NEW YORK — It didn't happen Wednesday, it may not happen Thanksgiving day, but the price of oil seems destined to burst through the $100 mark sometime soon, leaving higher pump prices and rising heating fuel costs in its wake.
Energy futures balked on that drive Wednesday after the government reported that supplies at a key oil terminal in the Midwest rose for the first time in weeks. Analysts said it was a pause, not a retreat for energy futures that reached as high as $99.29 in electronic trading overnight.
"Not exciting enough to get us over the hump just yet," said Phil Flynn, an analyst at Alaron Trading Corp. in Chicago.
Overall crude inventories fell, and distillates including heating oil dropped more than expected last week, the Energy Department's Energy Information Administration reported.
The mixed report did little to shake prevailing view that oil supplies will tighten amid rising global demand, particularly from fast-growing economies in China and India.
"It's two steps forward, then one back in terms of this week's inventory cushion," said Tim Evans, an analyst at Citigroup Inc. in New York.
Wednesday's inventory report could mean more bad news for heating oil customers already expecting costs to rise 22 percent this winter. Heating oil futures fell 0.27 cent to settle at $2.6874 a gallon on the New York Mercantile Exchange after earlier hitting $2.7154, a new record.
At the pump, meanwhile, gas prices fell 0.1 cent overnight to a national average of $3.089 a gallon, according to AAA and the Oil Price Information Service. Prices have fallen 2.3 cents since last week, and are almost 14 cents below the record price of $3.227 a gallon set in May, a bit of good news for Thanksgiving holiday drivers.
Gas prices will likely remain flat or fall unless oil reaches $100 a barrel or higher, analysts say.
Crude prices retreated Wednesday, however, after a mixed inventory report that didn't do much to change a prevailing view that oil supplies will tighten amid rising demand.
Light, sweet crude for January delivery fell 74 cents to settle at $97.29 a barrel on the New York Mercantile Exchange.
Before the inventory report, prices rose as high as $99.29 a barrel in electronic trading to break the previous intraday record of $98.62 set earlier this month.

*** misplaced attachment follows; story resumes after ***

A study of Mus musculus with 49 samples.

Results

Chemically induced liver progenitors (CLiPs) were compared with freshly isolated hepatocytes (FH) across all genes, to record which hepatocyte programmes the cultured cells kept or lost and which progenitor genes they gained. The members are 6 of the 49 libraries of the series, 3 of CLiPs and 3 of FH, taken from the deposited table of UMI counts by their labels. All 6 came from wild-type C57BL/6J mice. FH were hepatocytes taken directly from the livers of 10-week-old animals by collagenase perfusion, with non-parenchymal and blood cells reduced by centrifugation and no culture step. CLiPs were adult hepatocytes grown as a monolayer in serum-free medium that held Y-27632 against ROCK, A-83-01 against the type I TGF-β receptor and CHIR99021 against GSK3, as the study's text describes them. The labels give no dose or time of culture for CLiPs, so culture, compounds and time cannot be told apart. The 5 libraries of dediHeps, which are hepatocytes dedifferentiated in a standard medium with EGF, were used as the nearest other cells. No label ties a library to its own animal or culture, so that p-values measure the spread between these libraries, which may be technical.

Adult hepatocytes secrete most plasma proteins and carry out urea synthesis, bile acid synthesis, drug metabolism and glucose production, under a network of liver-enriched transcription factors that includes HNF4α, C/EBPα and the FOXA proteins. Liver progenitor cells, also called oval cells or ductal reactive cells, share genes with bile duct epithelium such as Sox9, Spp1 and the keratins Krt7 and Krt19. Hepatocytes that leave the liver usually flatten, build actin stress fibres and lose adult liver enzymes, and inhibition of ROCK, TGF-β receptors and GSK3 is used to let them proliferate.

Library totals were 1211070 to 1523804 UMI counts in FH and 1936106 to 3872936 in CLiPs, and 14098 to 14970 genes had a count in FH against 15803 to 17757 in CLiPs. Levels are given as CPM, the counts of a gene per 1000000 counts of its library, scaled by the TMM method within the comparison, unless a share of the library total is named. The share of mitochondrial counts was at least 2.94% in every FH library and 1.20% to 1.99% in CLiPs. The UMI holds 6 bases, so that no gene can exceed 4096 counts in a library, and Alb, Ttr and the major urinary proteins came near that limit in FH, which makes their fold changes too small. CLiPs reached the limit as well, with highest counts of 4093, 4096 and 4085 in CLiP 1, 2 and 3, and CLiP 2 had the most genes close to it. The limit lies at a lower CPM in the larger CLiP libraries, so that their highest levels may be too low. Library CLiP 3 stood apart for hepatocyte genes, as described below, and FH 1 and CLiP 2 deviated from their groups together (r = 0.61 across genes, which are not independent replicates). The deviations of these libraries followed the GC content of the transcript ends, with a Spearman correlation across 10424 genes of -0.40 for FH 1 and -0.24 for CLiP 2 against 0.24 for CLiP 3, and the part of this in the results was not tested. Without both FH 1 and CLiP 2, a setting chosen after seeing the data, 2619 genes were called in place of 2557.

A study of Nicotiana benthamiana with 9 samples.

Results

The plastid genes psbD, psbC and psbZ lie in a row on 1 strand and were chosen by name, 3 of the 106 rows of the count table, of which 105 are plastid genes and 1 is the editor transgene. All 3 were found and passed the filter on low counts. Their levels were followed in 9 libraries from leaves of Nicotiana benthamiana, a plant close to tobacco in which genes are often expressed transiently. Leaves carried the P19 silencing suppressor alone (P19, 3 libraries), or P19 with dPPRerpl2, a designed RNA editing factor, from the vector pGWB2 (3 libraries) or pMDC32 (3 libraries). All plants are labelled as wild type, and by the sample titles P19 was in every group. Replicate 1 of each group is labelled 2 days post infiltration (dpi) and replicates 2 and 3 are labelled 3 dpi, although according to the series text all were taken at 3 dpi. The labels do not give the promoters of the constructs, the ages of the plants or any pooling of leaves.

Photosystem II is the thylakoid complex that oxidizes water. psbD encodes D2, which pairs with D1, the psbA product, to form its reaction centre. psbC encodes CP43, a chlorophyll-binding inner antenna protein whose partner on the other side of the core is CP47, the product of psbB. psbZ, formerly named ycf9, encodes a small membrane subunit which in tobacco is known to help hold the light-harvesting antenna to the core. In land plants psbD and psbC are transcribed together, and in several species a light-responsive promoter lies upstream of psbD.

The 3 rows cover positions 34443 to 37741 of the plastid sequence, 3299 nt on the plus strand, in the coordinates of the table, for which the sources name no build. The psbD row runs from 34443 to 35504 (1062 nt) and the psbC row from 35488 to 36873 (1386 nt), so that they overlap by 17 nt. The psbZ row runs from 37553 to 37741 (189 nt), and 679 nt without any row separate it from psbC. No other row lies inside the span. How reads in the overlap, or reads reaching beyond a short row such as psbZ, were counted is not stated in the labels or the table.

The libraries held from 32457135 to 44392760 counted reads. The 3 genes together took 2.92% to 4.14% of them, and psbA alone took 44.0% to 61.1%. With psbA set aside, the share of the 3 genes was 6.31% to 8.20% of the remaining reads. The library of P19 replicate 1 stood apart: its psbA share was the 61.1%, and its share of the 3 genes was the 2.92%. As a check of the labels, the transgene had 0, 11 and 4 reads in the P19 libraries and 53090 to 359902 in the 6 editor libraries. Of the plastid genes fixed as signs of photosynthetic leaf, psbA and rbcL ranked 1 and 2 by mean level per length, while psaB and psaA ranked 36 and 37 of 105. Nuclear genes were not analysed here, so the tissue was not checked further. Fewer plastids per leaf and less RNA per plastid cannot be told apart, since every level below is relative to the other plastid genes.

Crude prices are within the range of inflation-adjusted highs set in early 1980. Depending on how the adjustment is calculated, $38 a barrel then would be worth $96 to $103 or more today.
A swoon in the stock market also pressured oil prices Wednesday. Energy investors worry that falling equities are a symptom of a weakening economy, which would use less oil and gasoline.
Analysts said trading in energy futures was volatile Wednesday due to light volumes before Thanksgiving. The Nymex will be closed Thursday and will close early Friday.
"This is holiday trade, and some pension fund comes in with a sizable order ... and you're down half a buck," said Jim Ritterbusch, president of Ritterbusch & Associates, in Galena, Ill.
Other energy futures were mixed. December gasoline fell 1.44 cents to settle at $2.4371 a gallon on the Nymex. December natural gas rose 7.3 cents to settle at $7.55 per 1,000 cubic feet. In a separate report, the EIA said natural gas inventories grew by 4 billion cubic feet last week, in line with expectations.
In London, December Brent crude fell 65 cents to settle at $94.84 a barrel on the ICE Futures exchange.
Oil inventories fell by 1.1 million barrels last week, versus a 700,000 barrel increase analysts surveyed by Dow Jones Newswires, on average, had expected. Inventories at the closely watched Nymex delivery terminal in Cushing, Okla., rose by 1.2 million barrels, however. It was the first substantial increase in Cushing stocks in weeks, and the largest since the end of August.
The Cushing terminal is the physical delivery point for Nymex crude. Falling supplies there are seen as a symptom of a tight market. Those concerns ease when Cushing inventories rise.
The EIA also said refinery activity fell last week, countering expectations for a slight increase. Gasoline inventories grew less than expected, but distillate supplies fell by 2.4 million barrels, far more than expected.
The decline in overall crude supplies can be explained in part by imports, which fell by an average of 667,000 barrels a day, or about 6 percent, last week. Gasoline imports rose 11 percent.
Demand for gasoline remains tepid, a function of higher prices, analysts say. Demand for gasoline rose by 35,000 barrels last week, and by 0.3 percent over the last four weeks compared to the same period last year, the EIA said.